IIGOP Annual Report
Following its care.data report at the end of last year, the 2014 Annual Report of Dame Fiona Caldicott’s Independent Information Governance Oversight Panel (IIGOP) was published in early January. Amongst other things, it says:
In summary, the goal should be a state of information governance in which the following proposition prevails: “Organisations have no hiding places, the public have no surprises.”
But with good progress having been made on just six of the year-long Caldicott2 Review’s 26 recommendations, the IIGOP is forced to conclude:
Unfortunately the cultural change that we called for [in 2013] in relation to information governance has only emerged in parts of the system.
The annual report goes into some detail on care.data in Chapter 3, noting:
The unintended consequence of care.data was a positive cycle of change, with greater public interest causing organisations to respond with greater transparency and stronger information governance.
But, worryingly, on consent across the health and care system:
IIGOP welcomes the Secretary of State’s enhancement of the “right to object” in the care.data programme, but calls for a more consistent approach. It is not reasonable to expect the public to understand objections and “opt outs” if there are different rules for different programmes. This remains unfinished business.
Over the next few weeks, we will see whether the Government and NHS England are moving towards that goal – or whether they’ve been hiding more surprises for the public later in the year.
Meanwhile, Healthwatch England “found disturbing evidence of the harm caused by failure to share information appropriately. The inquiry focused on the experiences of older people, people with mental health conditions and people who are homeless.”
The findings, summarised on pages 17 and 18 of the annual report, are especially horrifying due to the impacts on the direct care of patients – a missed opportunity cost due to the care.data programme:
Public opinion research has shown that most patients want any healthcare professional who treats them to have secure electronic access to key data from their GP health record. Most were surprised that emergency care doctors do not have automatic access to records, and concerned that lack of access may lead to delays in treatment and fatal errors. The public’s main concerns about the use of information about them were suspicions around usage creep, lack of personal benefits and loss of data.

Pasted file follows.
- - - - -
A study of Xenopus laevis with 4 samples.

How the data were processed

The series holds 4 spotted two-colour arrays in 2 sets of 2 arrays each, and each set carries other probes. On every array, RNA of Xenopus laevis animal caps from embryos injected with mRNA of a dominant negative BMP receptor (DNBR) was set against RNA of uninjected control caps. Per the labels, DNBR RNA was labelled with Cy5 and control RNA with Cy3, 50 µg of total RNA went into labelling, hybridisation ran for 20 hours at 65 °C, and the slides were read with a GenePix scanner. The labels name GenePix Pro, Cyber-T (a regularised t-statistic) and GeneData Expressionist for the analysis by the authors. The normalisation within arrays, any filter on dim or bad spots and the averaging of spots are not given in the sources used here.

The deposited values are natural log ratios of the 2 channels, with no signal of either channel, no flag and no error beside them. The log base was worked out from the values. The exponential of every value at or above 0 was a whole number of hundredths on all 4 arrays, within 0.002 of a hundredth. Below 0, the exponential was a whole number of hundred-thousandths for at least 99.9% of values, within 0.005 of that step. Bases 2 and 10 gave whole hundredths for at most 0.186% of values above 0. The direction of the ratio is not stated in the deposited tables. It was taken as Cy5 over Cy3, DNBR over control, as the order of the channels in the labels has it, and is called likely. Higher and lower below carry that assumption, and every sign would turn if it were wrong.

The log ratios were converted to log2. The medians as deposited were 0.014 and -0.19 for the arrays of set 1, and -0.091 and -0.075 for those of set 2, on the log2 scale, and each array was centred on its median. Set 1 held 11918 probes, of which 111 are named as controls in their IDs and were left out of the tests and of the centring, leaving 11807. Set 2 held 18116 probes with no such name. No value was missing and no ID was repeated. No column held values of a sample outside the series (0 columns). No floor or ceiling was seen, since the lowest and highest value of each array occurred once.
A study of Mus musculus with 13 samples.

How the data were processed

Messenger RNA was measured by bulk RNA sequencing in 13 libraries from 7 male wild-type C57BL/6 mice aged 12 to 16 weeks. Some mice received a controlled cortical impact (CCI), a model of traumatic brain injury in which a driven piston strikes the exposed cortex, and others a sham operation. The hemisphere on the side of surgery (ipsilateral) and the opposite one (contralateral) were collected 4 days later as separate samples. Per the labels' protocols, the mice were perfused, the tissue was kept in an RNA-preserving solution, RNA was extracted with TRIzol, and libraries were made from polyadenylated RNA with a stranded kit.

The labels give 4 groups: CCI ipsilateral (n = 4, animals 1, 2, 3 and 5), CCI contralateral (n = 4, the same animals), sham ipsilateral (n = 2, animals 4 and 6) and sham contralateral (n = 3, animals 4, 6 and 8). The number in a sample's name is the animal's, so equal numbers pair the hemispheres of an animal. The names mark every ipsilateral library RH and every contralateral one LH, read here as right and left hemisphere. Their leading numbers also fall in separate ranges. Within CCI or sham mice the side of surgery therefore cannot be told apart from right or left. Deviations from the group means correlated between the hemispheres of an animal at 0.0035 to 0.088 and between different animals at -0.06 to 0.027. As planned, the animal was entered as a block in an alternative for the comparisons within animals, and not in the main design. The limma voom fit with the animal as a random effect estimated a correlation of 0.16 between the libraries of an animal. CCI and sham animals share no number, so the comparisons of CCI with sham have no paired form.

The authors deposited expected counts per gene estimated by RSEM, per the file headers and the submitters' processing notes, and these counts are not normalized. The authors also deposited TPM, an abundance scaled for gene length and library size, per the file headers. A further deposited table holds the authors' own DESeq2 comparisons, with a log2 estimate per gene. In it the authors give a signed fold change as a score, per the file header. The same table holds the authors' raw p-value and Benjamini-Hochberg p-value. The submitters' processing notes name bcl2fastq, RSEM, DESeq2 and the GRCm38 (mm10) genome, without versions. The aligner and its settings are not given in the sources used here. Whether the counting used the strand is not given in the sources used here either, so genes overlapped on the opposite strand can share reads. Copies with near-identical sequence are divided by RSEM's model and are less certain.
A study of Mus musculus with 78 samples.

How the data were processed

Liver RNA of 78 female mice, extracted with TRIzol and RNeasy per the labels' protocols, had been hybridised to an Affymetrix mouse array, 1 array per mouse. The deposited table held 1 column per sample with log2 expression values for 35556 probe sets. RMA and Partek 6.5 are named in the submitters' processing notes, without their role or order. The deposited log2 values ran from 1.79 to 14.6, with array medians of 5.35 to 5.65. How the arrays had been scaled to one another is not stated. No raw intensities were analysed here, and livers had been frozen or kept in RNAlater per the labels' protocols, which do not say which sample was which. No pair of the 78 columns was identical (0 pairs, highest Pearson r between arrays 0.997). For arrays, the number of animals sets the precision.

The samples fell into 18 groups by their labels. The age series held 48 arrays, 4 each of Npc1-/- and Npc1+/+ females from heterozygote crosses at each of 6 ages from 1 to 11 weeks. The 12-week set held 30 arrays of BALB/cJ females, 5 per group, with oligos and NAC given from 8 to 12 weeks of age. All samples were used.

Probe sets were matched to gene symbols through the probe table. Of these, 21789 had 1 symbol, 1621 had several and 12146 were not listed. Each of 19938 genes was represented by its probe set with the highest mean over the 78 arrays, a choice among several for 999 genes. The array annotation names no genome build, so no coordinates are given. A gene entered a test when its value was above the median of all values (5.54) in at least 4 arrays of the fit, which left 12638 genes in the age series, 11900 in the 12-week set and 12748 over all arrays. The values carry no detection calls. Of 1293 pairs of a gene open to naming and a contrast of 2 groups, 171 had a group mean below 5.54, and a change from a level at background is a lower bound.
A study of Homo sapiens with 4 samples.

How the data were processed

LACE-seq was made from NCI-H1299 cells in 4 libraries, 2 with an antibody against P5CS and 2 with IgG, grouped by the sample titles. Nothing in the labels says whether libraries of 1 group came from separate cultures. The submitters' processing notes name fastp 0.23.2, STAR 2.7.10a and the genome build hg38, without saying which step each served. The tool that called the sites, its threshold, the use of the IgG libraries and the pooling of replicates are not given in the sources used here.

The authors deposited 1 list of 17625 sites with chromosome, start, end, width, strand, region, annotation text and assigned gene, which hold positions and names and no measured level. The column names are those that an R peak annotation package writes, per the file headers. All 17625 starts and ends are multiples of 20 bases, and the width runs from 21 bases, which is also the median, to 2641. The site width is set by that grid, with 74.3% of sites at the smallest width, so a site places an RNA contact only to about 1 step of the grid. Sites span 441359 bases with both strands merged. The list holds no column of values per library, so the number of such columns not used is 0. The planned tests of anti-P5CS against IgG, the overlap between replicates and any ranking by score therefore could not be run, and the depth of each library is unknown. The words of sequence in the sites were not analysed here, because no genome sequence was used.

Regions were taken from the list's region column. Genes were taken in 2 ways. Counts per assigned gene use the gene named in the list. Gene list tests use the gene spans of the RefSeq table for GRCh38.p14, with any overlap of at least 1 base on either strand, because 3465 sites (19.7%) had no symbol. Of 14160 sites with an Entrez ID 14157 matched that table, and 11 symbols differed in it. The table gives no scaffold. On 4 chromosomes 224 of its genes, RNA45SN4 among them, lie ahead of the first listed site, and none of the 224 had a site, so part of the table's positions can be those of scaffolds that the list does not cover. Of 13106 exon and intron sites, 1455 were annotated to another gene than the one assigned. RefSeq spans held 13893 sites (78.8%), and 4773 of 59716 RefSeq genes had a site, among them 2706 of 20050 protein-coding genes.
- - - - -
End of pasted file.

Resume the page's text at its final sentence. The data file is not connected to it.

As medConfidential has always said, there need be no conflict between good ethics, good data handling and good medical care.
A Statutory Data Guardian?
We had hoped that, as the Secretary of State said would happen, the National Data Guardian – providing independent, overarching information oversight for the entire health and care system – would be put on a statutory footing “at the earliest opportunity”. That opportunity was last Friday, but the Secretary of State failed to meet his commitment.
As we now discover from the IIGOP’s Annual Report, this is just one example of what happened without a strong oversight body:
NHS England communicated the proposal in a leaflet that was supposed to be delivered to all homes across England in January 2014. A copy of the intended leaflet was sent to IIGOP shortly before the quarterly meeting of the panel on 9th December 2013. On the following day IIGOP advised NHS England that its leaflet was not fit for purpose, but was informed that it had already been sent to the printers and would not be recalled.
Last Friday, Jeremy Lefroy’s Private Member’s Bill reached its final stage in the House of Commons, and has now moved on to the Lords. When the NHS Number is used beyond the NHS, its wider use a lifelong identifier for every person in the UK will also never be recalled. We wrote a briefing on this issue when it first raised its head.
One quote in the Public Accounts Committee’s report that sounds entirely familiar from the care.data fiasco a decade on:
At the outset there was an urgency to complete the deal with Dr Foster Ltd, and in negotiating the joint venture the roles and responsibilities of the Department’s advisors were sometimes confused.
With echoes of the messy “IG Universe” picture that emerged last year, and with venture capitalists that now own bits of the private sector part of Dr Foster Ltd writing down their stake and seeking an exit, we see once again that – in the long term – routing round or failing to institute and apply proper Information Governance doesn’t help anyone.
Finally, as the 12 month mark approaches, we understand the Health Select Committee will continue its inquiry into care.data and the handling of NHS patients’ records shortly. Let’s hope that this time its members will be given full and frank evidence by all.